Microsoft has revealed new malware from the hacking group behind the SolarWinds supply chain attack last December, delivering additional payloads and stealing sensitive information from Active Directory Federation Services servers. Codenamed “FoggyWeb”, it is described as a “passive and highly targeted backdoor”. They stated they first observed FoggyWeb in the wild as early as April 2021, describing the implant as a “malicious memory-resident DLL.”

Nobelium is the moniker assigned by Microsoft to the nation-state hacking group widely known as APT29, The Dukes, or Cozy Bear, an advanced persistent threat that has been attributed to Russia’s Foreign Intelligence Service (SVR).

Once Nobelium obtains credentials and successfully compromises a server, the actor relies on that access to maintain persistence and deepen its infiltration using sophisticated malware and tools. The APT group utilises FoggyWeb to remotely exfiltrate the configuration database of compromised AD FS servers, decrypted token-signing certificate, and token-decryption certificate and to download and execute additional components.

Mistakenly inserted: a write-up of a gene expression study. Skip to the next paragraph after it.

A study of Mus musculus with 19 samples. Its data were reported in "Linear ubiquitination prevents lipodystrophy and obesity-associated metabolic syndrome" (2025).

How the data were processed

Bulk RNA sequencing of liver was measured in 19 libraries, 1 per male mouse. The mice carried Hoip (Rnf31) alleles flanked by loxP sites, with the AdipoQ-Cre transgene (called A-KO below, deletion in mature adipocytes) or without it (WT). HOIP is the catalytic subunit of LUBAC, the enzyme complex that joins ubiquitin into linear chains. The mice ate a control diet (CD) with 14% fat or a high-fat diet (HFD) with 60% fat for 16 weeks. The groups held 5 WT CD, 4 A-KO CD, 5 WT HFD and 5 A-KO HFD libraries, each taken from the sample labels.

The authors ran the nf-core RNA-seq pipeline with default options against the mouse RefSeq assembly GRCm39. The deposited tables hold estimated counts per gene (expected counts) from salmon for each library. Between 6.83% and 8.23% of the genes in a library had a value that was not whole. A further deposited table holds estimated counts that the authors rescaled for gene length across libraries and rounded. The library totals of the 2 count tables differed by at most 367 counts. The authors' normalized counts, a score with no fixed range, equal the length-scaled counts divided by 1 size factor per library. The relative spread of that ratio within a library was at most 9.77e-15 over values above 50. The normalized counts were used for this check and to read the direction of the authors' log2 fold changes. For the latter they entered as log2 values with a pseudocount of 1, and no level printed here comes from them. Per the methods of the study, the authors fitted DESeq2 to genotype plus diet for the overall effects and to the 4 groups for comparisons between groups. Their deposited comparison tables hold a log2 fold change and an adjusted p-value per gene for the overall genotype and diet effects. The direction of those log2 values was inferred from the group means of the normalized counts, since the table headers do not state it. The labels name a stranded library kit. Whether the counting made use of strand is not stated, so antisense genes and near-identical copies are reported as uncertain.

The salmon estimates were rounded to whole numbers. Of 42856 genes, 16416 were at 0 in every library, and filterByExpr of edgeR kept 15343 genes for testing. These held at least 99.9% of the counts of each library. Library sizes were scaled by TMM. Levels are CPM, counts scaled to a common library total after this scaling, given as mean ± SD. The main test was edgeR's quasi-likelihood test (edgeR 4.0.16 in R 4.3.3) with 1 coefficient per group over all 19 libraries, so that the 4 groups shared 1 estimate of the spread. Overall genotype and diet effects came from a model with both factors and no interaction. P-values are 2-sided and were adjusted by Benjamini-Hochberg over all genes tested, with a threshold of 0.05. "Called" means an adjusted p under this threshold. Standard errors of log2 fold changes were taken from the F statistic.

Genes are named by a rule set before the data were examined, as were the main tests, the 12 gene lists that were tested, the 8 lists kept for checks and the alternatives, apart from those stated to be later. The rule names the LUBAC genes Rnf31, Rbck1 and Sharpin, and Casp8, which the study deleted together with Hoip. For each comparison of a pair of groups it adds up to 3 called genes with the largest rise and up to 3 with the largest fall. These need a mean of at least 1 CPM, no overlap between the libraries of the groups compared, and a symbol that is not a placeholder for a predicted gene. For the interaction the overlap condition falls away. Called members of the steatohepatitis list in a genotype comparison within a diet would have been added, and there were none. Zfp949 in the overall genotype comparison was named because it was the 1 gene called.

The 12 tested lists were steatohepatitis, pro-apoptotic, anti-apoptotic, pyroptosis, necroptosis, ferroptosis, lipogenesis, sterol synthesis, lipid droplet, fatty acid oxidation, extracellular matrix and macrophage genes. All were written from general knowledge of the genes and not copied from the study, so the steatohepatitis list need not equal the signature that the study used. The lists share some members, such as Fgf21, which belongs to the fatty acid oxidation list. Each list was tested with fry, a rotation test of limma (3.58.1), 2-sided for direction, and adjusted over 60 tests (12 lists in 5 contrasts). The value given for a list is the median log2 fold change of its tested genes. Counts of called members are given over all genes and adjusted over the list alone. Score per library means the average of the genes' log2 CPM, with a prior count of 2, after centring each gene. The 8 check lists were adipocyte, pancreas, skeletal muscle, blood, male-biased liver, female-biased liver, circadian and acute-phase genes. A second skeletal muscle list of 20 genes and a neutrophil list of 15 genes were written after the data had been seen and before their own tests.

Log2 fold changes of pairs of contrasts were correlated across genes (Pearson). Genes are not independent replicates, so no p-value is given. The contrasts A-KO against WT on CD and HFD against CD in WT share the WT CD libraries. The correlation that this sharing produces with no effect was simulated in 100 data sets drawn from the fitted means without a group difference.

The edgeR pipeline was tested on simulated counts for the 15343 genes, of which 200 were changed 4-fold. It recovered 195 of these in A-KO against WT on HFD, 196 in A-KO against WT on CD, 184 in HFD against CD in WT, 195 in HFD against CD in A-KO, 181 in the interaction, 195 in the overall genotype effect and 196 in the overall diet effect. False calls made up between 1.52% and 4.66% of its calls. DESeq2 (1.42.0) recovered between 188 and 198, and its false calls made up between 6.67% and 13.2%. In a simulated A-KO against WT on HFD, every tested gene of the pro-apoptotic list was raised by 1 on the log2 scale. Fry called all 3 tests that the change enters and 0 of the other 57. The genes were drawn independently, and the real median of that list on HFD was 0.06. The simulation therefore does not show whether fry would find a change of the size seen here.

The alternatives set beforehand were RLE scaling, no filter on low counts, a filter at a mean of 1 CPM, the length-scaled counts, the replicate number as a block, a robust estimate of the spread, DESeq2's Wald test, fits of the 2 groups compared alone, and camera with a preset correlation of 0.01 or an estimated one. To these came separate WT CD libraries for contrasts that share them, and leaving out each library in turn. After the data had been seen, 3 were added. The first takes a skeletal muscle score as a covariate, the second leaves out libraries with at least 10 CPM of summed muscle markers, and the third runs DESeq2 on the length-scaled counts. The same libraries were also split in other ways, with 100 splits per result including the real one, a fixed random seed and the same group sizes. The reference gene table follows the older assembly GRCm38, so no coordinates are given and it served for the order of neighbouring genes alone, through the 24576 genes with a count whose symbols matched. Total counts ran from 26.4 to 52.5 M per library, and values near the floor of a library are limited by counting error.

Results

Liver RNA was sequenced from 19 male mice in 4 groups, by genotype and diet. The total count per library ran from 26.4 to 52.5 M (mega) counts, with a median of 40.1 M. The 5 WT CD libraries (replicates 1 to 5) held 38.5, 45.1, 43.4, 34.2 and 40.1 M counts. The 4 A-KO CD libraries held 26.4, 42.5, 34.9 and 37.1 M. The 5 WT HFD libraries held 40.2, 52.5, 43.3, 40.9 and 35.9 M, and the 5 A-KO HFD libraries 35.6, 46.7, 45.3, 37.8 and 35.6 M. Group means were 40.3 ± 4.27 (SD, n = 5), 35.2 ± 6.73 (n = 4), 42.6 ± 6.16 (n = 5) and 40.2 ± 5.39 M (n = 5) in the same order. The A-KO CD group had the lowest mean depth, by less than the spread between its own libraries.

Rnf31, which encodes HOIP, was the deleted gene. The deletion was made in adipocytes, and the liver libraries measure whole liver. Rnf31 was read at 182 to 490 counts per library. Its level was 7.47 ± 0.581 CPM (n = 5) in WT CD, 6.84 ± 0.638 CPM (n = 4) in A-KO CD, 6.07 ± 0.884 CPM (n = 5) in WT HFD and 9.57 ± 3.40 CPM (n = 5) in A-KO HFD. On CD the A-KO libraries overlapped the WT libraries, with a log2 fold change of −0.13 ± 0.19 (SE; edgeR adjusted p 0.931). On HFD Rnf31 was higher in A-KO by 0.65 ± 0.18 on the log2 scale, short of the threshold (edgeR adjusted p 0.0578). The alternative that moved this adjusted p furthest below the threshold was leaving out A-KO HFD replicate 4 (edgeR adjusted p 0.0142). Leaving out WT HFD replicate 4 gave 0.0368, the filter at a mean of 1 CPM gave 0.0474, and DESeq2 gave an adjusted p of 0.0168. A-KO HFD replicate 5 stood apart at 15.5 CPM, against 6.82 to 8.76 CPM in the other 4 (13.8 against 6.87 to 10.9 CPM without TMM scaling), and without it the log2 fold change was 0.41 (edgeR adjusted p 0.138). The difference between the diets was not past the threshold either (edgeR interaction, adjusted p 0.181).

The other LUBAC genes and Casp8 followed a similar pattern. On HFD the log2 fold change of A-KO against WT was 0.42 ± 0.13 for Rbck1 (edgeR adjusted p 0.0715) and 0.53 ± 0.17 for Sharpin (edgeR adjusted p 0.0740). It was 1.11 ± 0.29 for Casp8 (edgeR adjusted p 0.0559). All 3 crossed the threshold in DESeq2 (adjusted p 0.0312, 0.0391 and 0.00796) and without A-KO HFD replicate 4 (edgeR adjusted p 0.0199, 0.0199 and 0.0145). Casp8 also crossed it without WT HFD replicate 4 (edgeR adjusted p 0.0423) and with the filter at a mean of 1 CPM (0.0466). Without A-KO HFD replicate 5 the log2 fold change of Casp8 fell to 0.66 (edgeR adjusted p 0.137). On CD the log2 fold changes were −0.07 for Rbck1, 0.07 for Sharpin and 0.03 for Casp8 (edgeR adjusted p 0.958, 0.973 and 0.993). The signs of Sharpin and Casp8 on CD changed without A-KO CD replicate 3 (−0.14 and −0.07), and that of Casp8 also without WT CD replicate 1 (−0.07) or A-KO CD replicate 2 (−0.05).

FoggyWeb, installed using a loader by exploiting a technique called DLL search order hijacking, is capable of transmitting sensitive information from a compromised AD FS server and receiving and executing additional malicious payloads retrieved from a remote attacker-controlled server. It’s also engineered to monitor all incoming HTTP GET and POST requests sent to the server from the intranet (or internet) and intercept HTTP requests that are of interest to the actor.

In terms of mitigation, protecting AD FS servers is key to mitigating Nobelium attacks. Detecting and blocking malware, attacker activity, and other malicious artefacts on AD FS servers can break critical steps in known Nobelium attack chains. This can be fulfilled by following Microsoft’s best practices for securing Active Directory Federation Services, in addition to endpoint detection and response tooling and alerting.